I hate those words. Hate them. A new study says means you are about to be regaled with some sort of pseudo pop-science junk news that is designed to either make you feel totally cool about your horribly bad habits (“eating lots of chocolate helps you lose weight!”) or make you feel like total shit about your horribly bad habits (“Drinking beer will kill you stone cold dead in five minutes!”). Most of the time the studies aren’t rigorous (never use control groups) and the interpretation of the study by the media has been twisted out of proportion to what it proved (no, it didn’t prove that wheat grass was the “cure to cancer”, only that eating wheat grass has some benefits that may or may not prohibit certain other things that might CAUSE cancer).
Folks, here’s what you need to do. Try to eat healthy. Try not to overeat. Try to get some exercise. Try not to smoke. Try not to drink to excess. Be in love with someone. That’s it. We’re done. You can now safely ignore all that study bullshit, particularly if you don’t see the words “control group” in the article some place.
I like to apply this same methodology to sites that want to regale you with “10 facts about…” something. “10 Reasons Why Sex After Fifty is Good For You.” “Fifteen Ways You Can Increase Your Earnings… and You Won’t Believe Number Six!”. Most of this stuff is moronic, stuff you already know if you have half a brain. But we like to cling to the words of others to tell us we’re living a good life, we’re doing all the right things, and yes, the quiz I just took told me that my Disney Princess self was Belle from Beauty and the Beast. Facebook, I’m looking at you for propagating all this crap. Right at you in your smug blue header…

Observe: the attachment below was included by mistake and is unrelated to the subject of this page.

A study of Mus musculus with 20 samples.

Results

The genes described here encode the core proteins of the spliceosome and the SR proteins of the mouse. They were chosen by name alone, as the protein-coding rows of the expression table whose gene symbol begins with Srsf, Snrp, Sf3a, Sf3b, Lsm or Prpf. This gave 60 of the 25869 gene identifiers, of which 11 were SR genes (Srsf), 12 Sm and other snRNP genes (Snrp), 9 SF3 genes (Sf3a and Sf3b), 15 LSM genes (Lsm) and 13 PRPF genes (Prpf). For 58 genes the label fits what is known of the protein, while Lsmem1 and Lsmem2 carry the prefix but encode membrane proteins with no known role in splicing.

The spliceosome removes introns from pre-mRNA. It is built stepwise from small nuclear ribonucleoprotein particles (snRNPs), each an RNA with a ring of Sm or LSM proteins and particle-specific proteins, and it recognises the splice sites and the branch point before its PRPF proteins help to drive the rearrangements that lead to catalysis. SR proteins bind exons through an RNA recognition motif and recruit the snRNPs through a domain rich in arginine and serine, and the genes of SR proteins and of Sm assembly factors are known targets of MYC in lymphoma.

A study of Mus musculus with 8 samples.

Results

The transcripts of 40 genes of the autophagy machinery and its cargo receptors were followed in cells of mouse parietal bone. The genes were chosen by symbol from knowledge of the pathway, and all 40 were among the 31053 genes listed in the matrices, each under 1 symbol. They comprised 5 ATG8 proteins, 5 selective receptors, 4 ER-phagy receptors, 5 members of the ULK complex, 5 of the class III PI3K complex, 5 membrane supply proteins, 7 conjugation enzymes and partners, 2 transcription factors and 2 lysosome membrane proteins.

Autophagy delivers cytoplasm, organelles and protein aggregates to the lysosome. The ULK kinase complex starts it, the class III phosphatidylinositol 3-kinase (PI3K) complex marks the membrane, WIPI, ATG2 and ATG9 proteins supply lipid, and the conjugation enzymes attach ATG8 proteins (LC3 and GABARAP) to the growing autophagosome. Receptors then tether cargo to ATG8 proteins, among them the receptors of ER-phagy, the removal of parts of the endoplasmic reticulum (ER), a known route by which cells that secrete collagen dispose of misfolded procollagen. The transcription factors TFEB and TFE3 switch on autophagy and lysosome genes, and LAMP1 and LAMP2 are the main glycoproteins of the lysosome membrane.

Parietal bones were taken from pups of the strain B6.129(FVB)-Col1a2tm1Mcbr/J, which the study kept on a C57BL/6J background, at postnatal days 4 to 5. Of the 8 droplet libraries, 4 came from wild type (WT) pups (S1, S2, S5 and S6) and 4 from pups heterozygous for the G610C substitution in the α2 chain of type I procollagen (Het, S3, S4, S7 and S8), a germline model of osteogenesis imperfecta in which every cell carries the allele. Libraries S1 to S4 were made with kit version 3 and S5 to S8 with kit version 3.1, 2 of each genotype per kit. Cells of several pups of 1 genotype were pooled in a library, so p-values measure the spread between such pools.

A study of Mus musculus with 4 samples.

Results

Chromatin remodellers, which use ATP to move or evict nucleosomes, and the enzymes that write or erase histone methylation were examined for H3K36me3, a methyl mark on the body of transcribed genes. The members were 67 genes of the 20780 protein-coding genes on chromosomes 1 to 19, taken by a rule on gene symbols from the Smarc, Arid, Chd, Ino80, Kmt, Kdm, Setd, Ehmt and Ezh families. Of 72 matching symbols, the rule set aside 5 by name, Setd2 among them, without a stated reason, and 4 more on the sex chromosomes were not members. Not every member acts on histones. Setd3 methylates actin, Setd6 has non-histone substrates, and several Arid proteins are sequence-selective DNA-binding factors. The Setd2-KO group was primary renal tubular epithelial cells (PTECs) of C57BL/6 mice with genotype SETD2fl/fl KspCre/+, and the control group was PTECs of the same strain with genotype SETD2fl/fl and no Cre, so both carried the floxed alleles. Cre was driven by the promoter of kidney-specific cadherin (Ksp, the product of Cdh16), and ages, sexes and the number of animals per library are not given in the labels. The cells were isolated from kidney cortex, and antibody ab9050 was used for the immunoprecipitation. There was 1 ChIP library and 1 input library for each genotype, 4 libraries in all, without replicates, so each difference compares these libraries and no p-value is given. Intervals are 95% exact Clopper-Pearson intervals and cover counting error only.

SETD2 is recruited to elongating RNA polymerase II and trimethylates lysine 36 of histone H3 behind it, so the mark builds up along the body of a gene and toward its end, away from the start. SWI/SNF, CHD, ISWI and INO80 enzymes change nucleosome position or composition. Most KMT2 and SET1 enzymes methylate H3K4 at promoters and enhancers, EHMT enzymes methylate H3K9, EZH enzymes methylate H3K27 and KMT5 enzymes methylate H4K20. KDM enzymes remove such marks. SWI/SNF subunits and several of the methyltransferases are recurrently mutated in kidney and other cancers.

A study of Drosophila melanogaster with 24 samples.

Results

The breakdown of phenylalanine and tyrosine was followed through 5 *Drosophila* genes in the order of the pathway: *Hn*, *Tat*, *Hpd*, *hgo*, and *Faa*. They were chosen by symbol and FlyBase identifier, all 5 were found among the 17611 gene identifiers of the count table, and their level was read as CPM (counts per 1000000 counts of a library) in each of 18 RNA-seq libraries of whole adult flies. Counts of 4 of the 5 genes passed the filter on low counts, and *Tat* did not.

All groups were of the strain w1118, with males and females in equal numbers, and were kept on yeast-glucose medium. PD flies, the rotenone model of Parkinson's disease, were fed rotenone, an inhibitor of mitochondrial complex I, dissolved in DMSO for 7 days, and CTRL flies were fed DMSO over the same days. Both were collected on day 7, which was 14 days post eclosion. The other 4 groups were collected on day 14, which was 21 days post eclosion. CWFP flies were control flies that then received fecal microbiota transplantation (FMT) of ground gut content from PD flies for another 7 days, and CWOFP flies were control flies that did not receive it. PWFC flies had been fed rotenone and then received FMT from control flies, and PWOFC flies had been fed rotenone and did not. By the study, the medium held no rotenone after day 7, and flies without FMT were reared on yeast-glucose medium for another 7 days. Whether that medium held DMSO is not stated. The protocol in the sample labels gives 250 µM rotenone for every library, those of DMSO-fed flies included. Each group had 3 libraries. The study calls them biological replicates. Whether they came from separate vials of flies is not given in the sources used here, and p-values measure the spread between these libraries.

However, there are times I come across some good lists. When others post them in forums I read, I do like to check them out to see if there’s any value. This one with 44 Writing Hacks From Some of the Greatest Writers Who Ever Lived would normally tweak my “oh for god’s sake” button, but I gave it a shot anyways, and it turned out there’s some decent stuff in there. Again, most of it is stuff I’ve heard before, but if you haven’t been writing wrong and want some advice, it won’t steer you wrong. Not mostly anyways.
For example, you can complete ignore sentences like “walking isn’t exercise.” Bullshit. Walking is decent exercise and a valid method of keeping your weight in check, plus less damage to your knees and feet than running. The only additional benefit to running is the extra cardiovascular improvements you get from the faster pace, and you do burn calories a little faster. But if running isn’t your thing (and I love you, my beautiful wife, but we both know you run like a woman stuck in a quagmire), then walking is perfectly fine. Do it at as quick a pace as you can, and realize you’ll have to walk a little longer than you’d have to run to get the same amount of calories burned.
Good advice includes: read everything; write down ideas when they come to you; software doesn’t make you a better writer (it doesn’t… no, really, it doesn’t… great books came out of great minds not scrivener and evernote); realize everything around you is fodder for your stories and you can use it all; commit to some goals (x words per day; x stories per year); when you get stuck, don’t stop writing, but feel free to turn to something else for a while and come back to it; do your research ahead of time (world builders will love that advice).
The rest you can take or leave as you see fit. Like most advice, it’s there for you to look at, think about, and decide if it works for you. I see things I think are stupid and won’t contribute to my getting words down on page, so I’ll toss them.
Remember folks, don’t lead the media guide you. Because let’s face it, wheat grass tastes like shit, so leave it for the horses and cows and go get yourself a six pack at the liquor store. You only live once, and you ain’t the control group.